The US company behind the AI chatbot must comply with several privacy requirements.
The AI chatbot ChatGPT could come back to Italy sooner rather than later.
On Wednesday the Italian data protection authority The Garante gave OpenAI — the U.S. company behind ChatGPT — until April 30 to comply with specific privacy requirements, paving the way for lifting the chatbot’s temporary ban in the country.
As it proceeds with its investigation, the Italian regulator ordered Open AI to verify users' age before they use the AI chatbot and explain on its website how and why it processes people's data for ChatGPT. The U.S. company will have to ask users for their consent or legitimate interest to use their data and make it possible for people to request to correct or delete their personal data.
OpenAI will also have to conduct an information campaign via Italian television, radio, websites and newspapers by May 14 to inform people how it uses their personal data to train its ChatGPT algorithm.
"Only then, the reasons for urgency having ceased to exist, will the Authority suspend the temporary restriction order on the processing of Italian users' data taken against the U.S. company, and ChatGPT will be able to become accessible again from Italy," said the regulator in an Italian-language press release.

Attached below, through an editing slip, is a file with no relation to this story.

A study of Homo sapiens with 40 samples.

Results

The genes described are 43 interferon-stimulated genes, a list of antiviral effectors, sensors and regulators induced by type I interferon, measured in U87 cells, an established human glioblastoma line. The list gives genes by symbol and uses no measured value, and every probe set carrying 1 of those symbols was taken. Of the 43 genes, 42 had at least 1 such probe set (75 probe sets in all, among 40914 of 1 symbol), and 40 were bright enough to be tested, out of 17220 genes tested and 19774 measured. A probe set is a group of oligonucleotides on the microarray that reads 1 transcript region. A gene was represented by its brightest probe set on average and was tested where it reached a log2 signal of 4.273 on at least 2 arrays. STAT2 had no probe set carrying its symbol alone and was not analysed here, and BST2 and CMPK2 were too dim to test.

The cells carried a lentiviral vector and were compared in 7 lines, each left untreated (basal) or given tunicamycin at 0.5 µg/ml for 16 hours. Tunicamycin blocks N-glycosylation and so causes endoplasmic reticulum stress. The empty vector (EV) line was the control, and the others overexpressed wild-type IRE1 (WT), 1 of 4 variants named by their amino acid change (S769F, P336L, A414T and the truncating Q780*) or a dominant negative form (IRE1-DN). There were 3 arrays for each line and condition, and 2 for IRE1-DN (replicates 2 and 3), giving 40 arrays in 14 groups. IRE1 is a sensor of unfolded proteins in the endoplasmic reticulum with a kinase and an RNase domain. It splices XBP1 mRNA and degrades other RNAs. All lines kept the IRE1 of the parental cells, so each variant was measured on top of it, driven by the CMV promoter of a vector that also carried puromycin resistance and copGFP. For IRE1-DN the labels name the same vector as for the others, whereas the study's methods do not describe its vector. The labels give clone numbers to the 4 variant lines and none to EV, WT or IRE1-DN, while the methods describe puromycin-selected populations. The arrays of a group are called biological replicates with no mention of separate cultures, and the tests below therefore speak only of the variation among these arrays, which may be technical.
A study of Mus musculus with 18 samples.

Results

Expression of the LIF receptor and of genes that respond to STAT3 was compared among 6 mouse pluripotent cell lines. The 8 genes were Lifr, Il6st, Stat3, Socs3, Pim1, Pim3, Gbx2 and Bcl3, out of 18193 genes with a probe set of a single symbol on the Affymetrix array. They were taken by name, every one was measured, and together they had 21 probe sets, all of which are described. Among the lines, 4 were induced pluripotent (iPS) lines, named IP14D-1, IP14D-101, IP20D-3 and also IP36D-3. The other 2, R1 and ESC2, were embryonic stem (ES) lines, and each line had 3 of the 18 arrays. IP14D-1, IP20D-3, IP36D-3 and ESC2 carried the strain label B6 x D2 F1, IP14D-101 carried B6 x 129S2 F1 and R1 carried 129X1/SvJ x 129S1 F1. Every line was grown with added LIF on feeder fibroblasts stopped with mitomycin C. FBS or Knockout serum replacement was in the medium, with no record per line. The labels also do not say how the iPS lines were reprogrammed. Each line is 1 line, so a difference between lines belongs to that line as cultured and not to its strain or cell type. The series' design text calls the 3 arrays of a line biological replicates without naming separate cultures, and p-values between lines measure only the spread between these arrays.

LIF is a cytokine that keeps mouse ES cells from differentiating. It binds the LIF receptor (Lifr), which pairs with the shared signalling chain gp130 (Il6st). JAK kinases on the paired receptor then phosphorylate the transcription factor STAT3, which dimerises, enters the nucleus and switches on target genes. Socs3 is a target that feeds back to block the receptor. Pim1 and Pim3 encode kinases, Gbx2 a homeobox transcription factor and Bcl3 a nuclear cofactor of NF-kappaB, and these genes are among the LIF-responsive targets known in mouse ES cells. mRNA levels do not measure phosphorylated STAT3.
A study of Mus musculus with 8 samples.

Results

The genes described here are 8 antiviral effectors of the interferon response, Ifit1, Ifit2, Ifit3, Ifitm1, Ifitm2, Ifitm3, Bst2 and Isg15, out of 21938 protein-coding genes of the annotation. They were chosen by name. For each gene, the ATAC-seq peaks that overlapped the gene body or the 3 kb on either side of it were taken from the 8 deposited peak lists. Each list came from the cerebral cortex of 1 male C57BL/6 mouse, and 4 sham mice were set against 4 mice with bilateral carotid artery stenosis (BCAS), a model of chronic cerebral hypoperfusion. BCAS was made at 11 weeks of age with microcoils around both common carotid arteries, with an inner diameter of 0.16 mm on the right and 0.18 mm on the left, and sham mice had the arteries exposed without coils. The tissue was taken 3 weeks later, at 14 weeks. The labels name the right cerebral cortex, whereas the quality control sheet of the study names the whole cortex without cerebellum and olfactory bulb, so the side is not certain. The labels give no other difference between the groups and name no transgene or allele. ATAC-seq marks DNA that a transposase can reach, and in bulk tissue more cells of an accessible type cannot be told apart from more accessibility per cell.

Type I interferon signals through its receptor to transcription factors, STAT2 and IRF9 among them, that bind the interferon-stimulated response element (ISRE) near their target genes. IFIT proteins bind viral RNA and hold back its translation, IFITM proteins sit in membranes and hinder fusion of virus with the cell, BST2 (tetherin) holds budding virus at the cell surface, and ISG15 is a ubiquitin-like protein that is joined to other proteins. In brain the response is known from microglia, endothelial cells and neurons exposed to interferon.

OpenAI will also have to submit a detailed plan by May 31 that seeks to implement — before September — a solid system to ensure minors younger than 13 and without parental consent can't access ChatGPT.
In late March, ChatGPT was ordered to temporarily stop processing Italian users’ personal data over alleged violations of laws such as the General Data Protection Regulation (GDPR). The Garante also said the platform did not verify the ages of minors in order to prevent them from accessing the chatbot.
Earlier this month, OpenAI executives spoke with the Italian authority to present their plan to assuage concerns over potential privacy violations, which also include lacking a legal basis to massively gather people’s personal data, the spread of misinformation, and a data breach.
OpenAI separately said in a blog post it was looking into options to verify users’ ages to ensure people under 18 and without parental consent can’t use its chatbot.
The Garante’s decision comes as the European Data Protection Board (EDPB) — the umbrella organization of Europe’s data protection authorities — is scheduled to meet on Thursday.
At least two regulators, from France and Spain, want to discuss ChatGPT on top of the main point of discussion related to a GDPR investigation into Meta. An EDPB spokesperson said they were not able to share more details about the agenda.
OpenAI did not respond to a request for comment in time for publication.